The correct archetype to use for radiotherapy contouring and planning

Hello, our group has been discussing what is the correct archetype to describe the completed action of radiotherapy contouring (the process of delineating organs and other structures on radiological images for dose delivery and avoidance purposes) and treatment planning.

Specifically, we have been interested in whether the openEHR-EHR-ACTION.procedure.v1 archetype is the correct one to record information on what structures were contoured and by whom.

Arguments in favor:

  • The Purpose section of that archetype specifically mentions planning as one of the accepted uses cases. Contouring and treatment planning definitely fall into that category.
  • SNOMED CT defines the following codes in its procedures valueset: 31344000 : Radiation therapy treatment planning, patient contour and localization of internal structures, 9990009 : Radiation therapy treatment planning service, 52338008 : Treatment planning for brachytherapy

Arguments against:
Maybe the openEHR-EHR-ACTION.procedure.v1 is reserved for the procedures you do directly on the patient, with the requirement being that they are present during the procedure.

As experts, what do you guys think? Can we go with this or should we create a new ACTION-based archetype? There are not a lot of radiology and radiotherapy-based archetypes in the CKM.

Thanks in advance for your help.


Hi Matija,

If you search for ‘radiation’ you will find that there are a few other similar questions. For those of us who are not specialists in this world, it can be difficult to understand the bigger picture.

‘Contouring’ sound s much more like the planning/ordering phase to perhaps an INSTRUCTION.service_request with a custom radiotherapy contouring cluster, or arguably a specific Radiation therapy ‘order’ archetype.

I imagine that, similar to medication there is a need to mirror, what was originally planned vs. what was actually delivered.

A wee mindmap or outline of the overall radiation therapy process would be very helpful.


I think the ‘planning’ referred to in the Procedure metadata really refers to capturing that the procedure is in a ‘being planned’ state , rather than capturing the plan itself.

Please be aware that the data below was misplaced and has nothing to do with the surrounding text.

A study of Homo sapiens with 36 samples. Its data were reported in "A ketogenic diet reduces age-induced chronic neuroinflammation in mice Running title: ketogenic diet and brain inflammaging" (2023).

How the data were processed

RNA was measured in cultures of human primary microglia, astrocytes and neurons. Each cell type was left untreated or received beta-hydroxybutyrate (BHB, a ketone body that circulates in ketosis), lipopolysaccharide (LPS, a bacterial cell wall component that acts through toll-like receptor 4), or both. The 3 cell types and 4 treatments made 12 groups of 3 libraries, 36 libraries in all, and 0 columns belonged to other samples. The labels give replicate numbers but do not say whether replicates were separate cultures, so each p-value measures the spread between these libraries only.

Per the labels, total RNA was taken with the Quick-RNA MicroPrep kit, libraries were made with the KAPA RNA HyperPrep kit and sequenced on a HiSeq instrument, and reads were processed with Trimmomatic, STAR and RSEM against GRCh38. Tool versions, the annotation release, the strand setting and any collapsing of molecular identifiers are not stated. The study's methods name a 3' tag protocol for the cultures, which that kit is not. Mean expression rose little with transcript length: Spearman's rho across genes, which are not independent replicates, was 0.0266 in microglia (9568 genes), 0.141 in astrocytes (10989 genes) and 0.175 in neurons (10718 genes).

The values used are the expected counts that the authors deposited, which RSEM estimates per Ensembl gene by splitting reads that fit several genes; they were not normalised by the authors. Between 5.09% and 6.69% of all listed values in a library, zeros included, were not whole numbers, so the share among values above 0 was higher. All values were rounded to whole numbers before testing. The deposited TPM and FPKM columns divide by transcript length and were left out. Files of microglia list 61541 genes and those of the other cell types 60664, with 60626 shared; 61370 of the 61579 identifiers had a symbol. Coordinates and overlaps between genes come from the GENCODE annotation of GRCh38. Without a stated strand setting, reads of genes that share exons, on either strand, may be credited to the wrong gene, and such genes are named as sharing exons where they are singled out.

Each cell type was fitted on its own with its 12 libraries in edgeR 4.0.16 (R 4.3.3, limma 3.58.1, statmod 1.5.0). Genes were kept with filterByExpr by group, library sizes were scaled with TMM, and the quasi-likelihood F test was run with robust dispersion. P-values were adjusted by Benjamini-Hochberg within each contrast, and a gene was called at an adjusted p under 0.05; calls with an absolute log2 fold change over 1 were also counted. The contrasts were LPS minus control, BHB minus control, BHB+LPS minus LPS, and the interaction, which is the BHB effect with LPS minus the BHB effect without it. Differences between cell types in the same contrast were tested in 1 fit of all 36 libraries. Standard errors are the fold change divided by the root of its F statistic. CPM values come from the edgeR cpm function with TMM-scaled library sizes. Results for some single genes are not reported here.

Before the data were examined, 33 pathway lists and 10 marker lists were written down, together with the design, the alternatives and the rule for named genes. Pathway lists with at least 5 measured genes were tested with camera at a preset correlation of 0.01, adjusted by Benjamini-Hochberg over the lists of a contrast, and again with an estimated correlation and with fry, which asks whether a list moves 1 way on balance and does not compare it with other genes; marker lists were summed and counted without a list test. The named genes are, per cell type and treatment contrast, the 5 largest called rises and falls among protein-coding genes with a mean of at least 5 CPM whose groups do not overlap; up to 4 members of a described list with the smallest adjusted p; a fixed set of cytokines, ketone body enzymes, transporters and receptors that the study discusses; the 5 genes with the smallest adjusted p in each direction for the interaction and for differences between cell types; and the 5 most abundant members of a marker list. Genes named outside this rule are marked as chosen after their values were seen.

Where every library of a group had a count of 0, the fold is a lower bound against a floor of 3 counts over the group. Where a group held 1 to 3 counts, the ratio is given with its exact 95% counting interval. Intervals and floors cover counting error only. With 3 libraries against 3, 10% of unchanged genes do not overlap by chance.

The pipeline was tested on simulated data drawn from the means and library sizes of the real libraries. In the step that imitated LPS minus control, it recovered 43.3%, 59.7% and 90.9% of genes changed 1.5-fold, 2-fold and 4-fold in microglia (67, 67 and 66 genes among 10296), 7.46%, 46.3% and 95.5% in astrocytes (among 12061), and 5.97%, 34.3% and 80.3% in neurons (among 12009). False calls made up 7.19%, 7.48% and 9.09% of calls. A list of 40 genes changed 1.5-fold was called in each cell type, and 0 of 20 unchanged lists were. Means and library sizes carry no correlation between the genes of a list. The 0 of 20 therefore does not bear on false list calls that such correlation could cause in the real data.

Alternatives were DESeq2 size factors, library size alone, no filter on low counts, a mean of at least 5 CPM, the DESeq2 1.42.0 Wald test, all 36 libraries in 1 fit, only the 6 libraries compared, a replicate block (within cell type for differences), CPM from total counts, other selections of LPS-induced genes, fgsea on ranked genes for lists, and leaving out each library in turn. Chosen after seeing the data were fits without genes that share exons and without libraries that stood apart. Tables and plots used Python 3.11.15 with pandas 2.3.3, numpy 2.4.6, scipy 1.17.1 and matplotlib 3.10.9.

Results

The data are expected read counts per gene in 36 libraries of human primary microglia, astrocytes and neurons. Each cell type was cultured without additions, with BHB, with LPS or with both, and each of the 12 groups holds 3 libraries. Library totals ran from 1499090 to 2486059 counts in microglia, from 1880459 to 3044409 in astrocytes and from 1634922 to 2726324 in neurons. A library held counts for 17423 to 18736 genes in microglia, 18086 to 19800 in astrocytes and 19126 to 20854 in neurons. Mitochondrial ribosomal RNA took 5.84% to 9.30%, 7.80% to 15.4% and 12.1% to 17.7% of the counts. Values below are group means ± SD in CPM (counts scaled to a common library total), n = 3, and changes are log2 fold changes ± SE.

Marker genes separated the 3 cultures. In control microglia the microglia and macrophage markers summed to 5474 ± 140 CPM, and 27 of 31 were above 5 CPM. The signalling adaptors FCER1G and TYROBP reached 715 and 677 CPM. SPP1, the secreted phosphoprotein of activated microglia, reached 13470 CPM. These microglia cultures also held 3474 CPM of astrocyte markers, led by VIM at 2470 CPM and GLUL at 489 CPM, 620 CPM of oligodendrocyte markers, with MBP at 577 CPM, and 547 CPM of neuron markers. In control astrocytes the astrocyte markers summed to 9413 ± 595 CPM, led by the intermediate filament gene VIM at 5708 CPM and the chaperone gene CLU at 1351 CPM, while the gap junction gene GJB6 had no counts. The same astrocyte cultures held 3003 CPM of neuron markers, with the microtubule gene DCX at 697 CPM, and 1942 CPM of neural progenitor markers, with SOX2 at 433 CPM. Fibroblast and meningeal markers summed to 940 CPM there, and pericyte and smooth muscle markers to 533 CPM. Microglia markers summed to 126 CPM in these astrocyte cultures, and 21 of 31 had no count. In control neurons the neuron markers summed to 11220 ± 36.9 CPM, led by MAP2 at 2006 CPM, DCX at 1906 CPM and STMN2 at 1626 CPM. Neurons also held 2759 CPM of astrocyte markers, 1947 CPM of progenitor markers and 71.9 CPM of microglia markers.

Hey Ian,

thanks for the answers. I will try to explain the concepts a bit more thoroughly, but please keep in mind that I am of course not a clinical expert, but just a lowly CS guy and someone who is fairly new to radiotherapy application development myself.

  1. After the diagnosis, the radiation oncologist will create a prescription (sometimes call intent) for irradiation. This will include the total dose delivered to the patient’s body and the number of fractions (irradiation sessions to deliver them in), i.e, deliver 5 x 250 cGy (centigrays) of radiation to the body.

  2. Next, a more detailed specification of the body regions that receive the irradiation needs to be created. This is done that in the contouring part of the Treatment Planning System, which is a kind of 3D Photoshop working on CT (or MRI, PET etc. or a combination of these) images to delineate organs and regions that need to be irradiated (or avoided). The first rough sketch of this is usually also done by the radiation oncologist, but often to create fully detailed 3D structures, the medical physicist takes over, possibly assisted by some AI algorithms. The result is 3D volumes (structures) describing these irradiation regions. This process is called contouring and this what we want to describe with the openEHR-EHR-ACTION.procedure.v1 archetype (or some other archetype), although more in the metadata fashion (the names and the IDs of the structures created, who created them and when) - the actual volumes themselves are not stored in the data instance.

  3. After that, the actual machine instructions need to be configured, i.e., the number of beams used for irradiation, their angles, the dose they deliver etc… Depending on planning modality (CRT, IMRT, VMAT etc.), the dose can be configured either manually (which I gather is rarely done nowadays) or else some constraints are specified (this structure may receive at most 70 cGy of irradiation, this structure must receive at least 50 cGy, this structure must be completely avoided etc.) and have the Treatment Planning System calculate actual dose delivered, beam parameters etc. . The plan goes through several optimization cycles, led by the medical physicist and finally approved by the radiation oncologist. This process is called treatment planning and is also something we would like to describe with the procedure or similar archetype in a similar metadata fashion.

  4. Now we’re more or less ready for irradiation.

Now this is a fairly rough overview of what the entire preparation cycle looks like. The difficulty in choosing what the correct archetype is to describe these preparatory/planning actions lies in the fact that they are complex and long-lasting actions that are not performed directly on the patient, but essentially on their radiological images and that this data is often used by many different applications that are part of the oncology department’s IT stack even before or without the patient being irradiated.